But it quickly turned into a nightmare.

The Onion, a 23-year-old satirical online and print publication, wrote a tongue-in-cheek story that all styles of parenting cause children to grow up into "profoundly unhappy adults," based on a study credited to the California Parenting Institute of Santa Rosa.

The reported research — which caused tremors in parenting circles nationwide — found that even varying parenting styles lead to bitterness, isolation or adults "unprepared to contend with life's difficulties."

Except the institute never conducted any such study.

Robin Bowen, executive director of CPI, is familiar with The Onion and even laughed when she was first alerted to the faux-story by her daughter Thursday morning.

"Her friend in Portland had emailed her with the link," Bowen said. "She came in and woke me up and said, &‘Mom, you are never going to believe this.'"

It was when she got to work later that morning that the enormity of the impact became clear.

The story brought a deluge of calls to the Standish Avenue offices of the 33-year-old non-profit advocacy group.

"We even had parent educators who work here say, &‘When did we do a study?'" said Wendy Hilberman, director of marketing and development for CPI.

The Onion, which describes itself on its website as "an omnipotent news empire," ran the story Wednesday near stories headlined, "Nation Finally Just Breaks Down and Begs Its Smart People to Fix Everything," and "John Madden Agrees to Work as a Consultant for Raiders Concession Stand."

Nonetheless, CPI officials said they were inundated with phone calls and emails from people concerned that parenting really does not matter.

"For instance, we had a lady, she basically called and said she was writing a book or something and she really wanted a copy of the research and it supported some of her thoughts," Hilberman said.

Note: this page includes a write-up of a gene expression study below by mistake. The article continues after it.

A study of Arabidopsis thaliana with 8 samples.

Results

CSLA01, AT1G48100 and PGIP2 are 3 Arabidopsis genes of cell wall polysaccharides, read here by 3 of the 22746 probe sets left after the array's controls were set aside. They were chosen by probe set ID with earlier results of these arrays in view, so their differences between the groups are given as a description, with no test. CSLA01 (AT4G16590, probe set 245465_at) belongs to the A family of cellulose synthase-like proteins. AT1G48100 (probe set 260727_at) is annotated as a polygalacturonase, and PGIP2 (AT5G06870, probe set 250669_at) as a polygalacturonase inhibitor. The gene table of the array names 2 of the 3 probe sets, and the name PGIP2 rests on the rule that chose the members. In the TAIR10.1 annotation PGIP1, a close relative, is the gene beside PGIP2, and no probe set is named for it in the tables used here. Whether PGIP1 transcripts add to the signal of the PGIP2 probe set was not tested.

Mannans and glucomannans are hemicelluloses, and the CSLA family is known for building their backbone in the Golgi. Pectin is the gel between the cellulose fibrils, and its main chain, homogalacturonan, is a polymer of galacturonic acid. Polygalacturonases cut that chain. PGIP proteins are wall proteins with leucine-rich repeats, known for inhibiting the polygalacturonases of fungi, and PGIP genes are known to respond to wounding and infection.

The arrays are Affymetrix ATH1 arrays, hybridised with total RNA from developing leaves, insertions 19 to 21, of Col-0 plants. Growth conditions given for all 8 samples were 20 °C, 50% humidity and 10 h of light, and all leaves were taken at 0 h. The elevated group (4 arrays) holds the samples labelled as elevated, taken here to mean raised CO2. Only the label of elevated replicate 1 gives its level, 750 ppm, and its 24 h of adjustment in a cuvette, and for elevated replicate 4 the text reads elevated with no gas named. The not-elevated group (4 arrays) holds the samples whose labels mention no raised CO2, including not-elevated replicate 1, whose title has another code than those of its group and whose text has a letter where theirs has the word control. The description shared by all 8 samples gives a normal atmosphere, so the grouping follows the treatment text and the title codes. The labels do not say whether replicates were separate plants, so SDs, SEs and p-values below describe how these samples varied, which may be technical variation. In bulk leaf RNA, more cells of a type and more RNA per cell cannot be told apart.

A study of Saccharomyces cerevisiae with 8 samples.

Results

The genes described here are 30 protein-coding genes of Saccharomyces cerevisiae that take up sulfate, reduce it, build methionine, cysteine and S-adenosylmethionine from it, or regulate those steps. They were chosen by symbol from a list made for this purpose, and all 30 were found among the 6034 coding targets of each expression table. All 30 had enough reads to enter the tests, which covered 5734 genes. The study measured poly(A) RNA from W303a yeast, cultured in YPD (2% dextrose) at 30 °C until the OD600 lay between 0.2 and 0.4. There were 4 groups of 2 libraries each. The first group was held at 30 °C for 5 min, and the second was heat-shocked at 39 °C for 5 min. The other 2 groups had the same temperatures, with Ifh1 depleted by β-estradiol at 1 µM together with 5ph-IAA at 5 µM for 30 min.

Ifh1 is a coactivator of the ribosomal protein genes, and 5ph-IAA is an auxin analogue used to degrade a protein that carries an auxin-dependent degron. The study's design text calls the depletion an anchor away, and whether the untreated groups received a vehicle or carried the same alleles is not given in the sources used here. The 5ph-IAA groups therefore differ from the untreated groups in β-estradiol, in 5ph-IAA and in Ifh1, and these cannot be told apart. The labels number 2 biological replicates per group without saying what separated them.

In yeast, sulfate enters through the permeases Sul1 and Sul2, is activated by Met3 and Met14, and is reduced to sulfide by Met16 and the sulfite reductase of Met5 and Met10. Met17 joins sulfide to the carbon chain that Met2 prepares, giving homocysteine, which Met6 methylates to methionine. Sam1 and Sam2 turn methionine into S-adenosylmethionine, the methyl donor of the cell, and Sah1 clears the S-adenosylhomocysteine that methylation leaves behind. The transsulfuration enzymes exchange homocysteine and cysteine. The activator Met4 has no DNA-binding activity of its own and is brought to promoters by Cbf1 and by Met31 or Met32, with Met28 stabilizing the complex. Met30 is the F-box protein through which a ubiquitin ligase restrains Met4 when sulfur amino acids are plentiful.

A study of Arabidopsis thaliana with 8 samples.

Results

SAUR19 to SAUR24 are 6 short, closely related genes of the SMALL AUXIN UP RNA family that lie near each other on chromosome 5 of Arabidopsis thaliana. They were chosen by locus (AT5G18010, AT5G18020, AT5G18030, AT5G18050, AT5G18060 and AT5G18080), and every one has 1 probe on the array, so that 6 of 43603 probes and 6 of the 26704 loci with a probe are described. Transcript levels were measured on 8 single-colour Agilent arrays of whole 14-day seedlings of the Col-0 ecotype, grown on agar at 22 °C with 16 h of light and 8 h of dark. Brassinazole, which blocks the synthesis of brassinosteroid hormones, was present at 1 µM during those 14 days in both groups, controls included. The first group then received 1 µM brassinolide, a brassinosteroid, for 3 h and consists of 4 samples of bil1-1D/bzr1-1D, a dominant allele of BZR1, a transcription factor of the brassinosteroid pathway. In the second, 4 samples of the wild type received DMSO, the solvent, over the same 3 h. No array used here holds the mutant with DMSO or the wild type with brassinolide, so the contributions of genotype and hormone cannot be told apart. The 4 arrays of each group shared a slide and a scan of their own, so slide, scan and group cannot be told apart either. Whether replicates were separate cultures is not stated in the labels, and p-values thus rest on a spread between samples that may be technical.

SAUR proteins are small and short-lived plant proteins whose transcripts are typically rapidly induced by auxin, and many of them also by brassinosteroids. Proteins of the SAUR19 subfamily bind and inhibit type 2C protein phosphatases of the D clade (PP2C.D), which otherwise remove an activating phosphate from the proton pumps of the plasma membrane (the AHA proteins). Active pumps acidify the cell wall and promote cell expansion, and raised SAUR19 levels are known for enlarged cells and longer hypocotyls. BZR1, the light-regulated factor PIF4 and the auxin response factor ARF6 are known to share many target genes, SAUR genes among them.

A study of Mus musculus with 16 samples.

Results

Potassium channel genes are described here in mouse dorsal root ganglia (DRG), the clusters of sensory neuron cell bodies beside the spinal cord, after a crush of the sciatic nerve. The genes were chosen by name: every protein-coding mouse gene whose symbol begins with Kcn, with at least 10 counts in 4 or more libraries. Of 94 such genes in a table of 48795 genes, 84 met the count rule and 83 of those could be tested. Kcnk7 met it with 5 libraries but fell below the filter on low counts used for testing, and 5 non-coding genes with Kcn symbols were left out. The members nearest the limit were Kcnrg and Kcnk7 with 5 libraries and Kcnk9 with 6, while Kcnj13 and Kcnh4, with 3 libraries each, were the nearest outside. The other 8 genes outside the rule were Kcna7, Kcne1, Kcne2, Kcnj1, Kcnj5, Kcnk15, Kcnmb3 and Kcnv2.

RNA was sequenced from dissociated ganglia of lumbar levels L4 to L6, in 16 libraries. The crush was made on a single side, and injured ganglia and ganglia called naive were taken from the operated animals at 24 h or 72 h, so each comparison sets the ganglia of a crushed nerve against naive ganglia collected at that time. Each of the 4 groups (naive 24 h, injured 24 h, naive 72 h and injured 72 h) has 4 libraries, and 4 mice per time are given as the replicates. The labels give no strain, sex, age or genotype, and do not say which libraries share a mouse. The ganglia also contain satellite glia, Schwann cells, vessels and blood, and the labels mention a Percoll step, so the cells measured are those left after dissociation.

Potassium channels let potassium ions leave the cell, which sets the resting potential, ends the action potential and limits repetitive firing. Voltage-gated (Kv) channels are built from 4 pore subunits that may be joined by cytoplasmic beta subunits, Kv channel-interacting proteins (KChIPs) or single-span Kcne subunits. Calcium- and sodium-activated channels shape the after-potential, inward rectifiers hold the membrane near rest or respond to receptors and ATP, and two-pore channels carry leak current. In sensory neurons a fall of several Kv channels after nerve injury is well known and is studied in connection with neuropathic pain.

"It's obviously not OK to list our agency, even in satire," she said.

The institute offers parenting instruction, coordinates a local child abuse council and provides children's counseling services, among other programs.

In a press release issued Friday, CPI touted its good works while dismissing any connection with The Onion story.

"The falsified study quoted in The Onion states that all parenting styles lead to the same outcome — unhappy, miserable adults," the release reads. "We have been around a long time because we know that parent education does work."

Officials at The Onion, which has offices in Chicago and New York, acknowledged that some of their stories have caused confusion in the past. Separate web sites have been set up paying homage to some of The Onion's top headlines and how readers have been duped.

"Generally people recognize The Onion and are familiar with what we do. However, there are certainly cases of confusion for those that have never heard of us," said The Onion spokeswoman Anne Finn.

Social media and lightning quick communication can deliver news, but Bowen said it's not always clear from where the information is coming.

"I'm totally aware that it's satire," she said. "But it's spreading through the internet and people's blogs and where it's coming from is getting left off and it's looking like a news story."

Consumers of information need to be savvy, said Jonah Raskin, Sonoma State University professor of communication studies and media law.

"If you go online, you will find all kinds of things that are false and misleading about products and individuals," Raskin said. "If anyone takes The Onion seriously, they are sadly misunderstanding The Onion."

Bowen said the group's hand was forced by the public's reaction to the story.

"I kind of feel like we needed to be preventive," she said. "I think that things with the Internet are so easily accessible, it's like the old game of telephone that we would play when we were kids."